Warren Buffett's firm bails out of Intel stock
Berkshire Hathaway Inc. Chairman and CEO Warren Buffett (L) greets traders on the floor of the New York Stock Exchange after ringing the opening bell on September 30, 2011 in New York City. / Mario Tama/Getty Images
(AP) NEW YORK - Warren Buffett's company has dropped its stake in Intel (INTC) and added new investments in National Oilwell Varco (PSX) and Phillips 66 (PSX).
Omaha-based Berkshire Hathaway Inc. (BRK.A) revealed the moves in a regulatory filing after the market closed Tuesday. The report also detailed other shifts in the company's $74.3 billion stock portfolio.
In the three months ending June 30, Berkshire dropped all of its 7.7 million shares in Intel Corp. It bought 2.8 million shares in National Oilwell Varco Inc. and 27 million shares in Phillips 66.
Berkshire also sold a large chunk of its Johnson & Johnson stock. It now owns 10.3 million shares of J&J, down 64 percent from three months earlier.
In another large sale, Berkshire cut its stake in Procter & Gamble to 59 million shares, down 19 percent from the previous filing.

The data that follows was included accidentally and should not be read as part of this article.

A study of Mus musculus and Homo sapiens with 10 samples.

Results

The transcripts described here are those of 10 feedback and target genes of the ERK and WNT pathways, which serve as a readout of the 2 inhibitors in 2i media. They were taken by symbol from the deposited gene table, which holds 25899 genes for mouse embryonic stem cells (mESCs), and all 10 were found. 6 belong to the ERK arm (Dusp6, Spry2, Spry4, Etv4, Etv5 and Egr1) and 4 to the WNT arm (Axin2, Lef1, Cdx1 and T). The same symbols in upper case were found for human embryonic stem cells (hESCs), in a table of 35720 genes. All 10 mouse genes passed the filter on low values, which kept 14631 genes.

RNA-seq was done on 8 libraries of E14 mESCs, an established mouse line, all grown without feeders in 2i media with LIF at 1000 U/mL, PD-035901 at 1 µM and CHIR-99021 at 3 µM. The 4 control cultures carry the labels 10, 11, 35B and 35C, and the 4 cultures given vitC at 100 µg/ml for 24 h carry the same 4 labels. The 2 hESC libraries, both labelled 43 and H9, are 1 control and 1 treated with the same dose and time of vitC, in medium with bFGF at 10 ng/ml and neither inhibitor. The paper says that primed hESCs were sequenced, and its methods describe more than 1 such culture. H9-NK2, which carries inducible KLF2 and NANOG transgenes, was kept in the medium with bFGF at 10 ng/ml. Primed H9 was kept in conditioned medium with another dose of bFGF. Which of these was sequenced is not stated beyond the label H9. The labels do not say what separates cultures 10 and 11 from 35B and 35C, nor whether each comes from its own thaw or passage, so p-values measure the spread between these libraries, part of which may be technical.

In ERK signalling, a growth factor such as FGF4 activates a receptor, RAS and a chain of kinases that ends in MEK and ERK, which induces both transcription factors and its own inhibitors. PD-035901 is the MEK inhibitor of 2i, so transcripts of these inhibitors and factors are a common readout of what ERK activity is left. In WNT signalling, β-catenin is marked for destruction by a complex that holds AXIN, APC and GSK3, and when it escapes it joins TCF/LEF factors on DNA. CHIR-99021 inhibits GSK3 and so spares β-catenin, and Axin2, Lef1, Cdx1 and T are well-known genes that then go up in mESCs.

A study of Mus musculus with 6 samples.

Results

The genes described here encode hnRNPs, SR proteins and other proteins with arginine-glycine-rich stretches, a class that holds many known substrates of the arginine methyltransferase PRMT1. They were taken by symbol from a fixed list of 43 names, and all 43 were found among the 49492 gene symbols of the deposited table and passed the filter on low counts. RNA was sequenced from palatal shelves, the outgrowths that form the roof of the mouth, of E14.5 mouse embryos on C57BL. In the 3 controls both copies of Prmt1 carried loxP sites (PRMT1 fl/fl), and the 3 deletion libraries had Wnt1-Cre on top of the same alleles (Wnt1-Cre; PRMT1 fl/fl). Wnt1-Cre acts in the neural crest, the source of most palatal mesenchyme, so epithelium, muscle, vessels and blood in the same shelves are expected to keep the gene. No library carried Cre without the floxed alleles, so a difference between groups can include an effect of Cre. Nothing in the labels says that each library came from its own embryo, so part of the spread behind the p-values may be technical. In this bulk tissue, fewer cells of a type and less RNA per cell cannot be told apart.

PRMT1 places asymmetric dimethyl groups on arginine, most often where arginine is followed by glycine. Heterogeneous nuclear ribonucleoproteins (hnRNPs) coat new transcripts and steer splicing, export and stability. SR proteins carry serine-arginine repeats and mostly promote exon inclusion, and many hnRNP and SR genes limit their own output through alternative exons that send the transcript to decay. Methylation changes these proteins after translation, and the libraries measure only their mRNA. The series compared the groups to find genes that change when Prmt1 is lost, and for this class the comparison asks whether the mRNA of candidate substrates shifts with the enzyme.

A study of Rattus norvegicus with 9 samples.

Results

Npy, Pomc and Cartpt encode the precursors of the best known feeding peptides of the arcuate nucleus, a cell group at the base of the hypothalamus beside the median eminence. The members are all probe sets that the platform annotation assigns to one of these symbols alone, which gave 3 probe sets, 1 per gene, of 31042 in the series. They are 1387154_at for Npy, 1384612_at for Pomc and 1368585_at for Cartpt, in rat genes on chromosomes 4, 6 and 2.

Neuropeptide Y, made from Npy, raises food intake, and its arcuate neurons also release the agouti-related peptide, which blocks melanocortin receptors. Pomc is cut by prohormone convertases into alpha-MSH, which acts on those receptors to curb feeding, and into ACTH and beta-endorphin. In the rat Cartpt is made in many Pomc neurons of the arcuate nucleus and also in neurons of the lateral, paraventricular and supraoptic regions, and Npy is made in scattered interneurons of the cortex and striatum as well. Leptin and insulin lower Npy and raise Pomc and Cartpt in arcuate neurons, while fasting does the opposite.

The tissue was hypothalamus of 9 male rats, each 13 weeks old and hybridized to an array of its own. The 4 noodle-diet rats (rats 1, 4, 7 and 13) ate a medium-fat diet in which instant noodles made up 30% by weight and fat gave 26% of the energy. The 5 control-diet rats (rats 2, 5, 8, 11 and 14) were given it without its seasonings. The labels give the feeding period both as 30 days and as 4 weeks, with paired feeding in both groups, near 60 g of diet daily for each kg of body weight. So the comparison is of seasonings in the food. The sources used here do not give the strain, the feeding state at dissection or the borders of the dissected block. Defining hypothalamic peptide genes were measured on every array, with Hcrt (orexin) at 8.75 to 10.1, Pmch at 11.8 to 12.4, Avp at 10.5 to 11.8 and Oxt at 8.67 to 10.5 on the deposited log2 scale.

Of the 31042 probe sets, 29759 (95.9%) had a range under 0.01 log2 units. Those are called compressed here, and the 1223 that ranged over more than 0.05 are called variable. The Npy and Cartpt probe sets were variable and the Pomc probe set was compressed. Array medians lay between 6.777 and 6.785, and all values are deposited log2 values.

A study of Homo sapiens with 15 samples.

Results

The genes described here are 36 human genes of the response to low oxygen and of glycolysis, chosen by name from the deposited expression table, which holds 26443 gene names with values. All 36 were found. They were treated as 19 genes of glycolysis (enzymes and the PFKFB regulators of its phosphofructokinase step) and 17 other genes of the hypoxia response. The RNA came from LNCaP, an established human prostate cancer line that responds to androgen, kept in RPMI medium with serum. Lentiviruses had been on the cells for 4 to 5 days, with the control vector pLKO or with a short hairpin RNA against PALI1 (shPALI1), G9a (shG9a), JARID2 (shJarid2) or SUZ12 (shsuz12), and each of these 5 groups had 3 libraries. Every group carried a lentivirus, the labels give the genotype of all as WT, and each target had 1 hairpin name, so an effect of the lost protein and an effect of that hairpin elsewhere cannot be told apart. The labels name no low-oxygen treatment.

Buffett's firm tripled its stake in Bank of New York Mellon, from 5.6 million shares to 18.7 million. It also raised its stake in DirecTV from 23 million shares to 28 million.
Berkshire doubled its position in the newspaper publisher Lee Enterprises Inc., to 3.2 million shares. The company maintained its stakes in other publishing companies, Gannett Inc. and The Washington Post Co.
Berkshire's investments are closely watched by investors because of Buffett's successful track record. Buffett makes most of the investment decisions at Berkshire, but the firm's regulatory filing doesn't distinguish between his stock picks and those made by the company's other investment managers, Todd Combs and Ted Weschler. Combs started at Berkshire last year, and Weschler started early this year.
Buffett has said the two men are managing $2.75 billion each, while Buffett oversees the rest.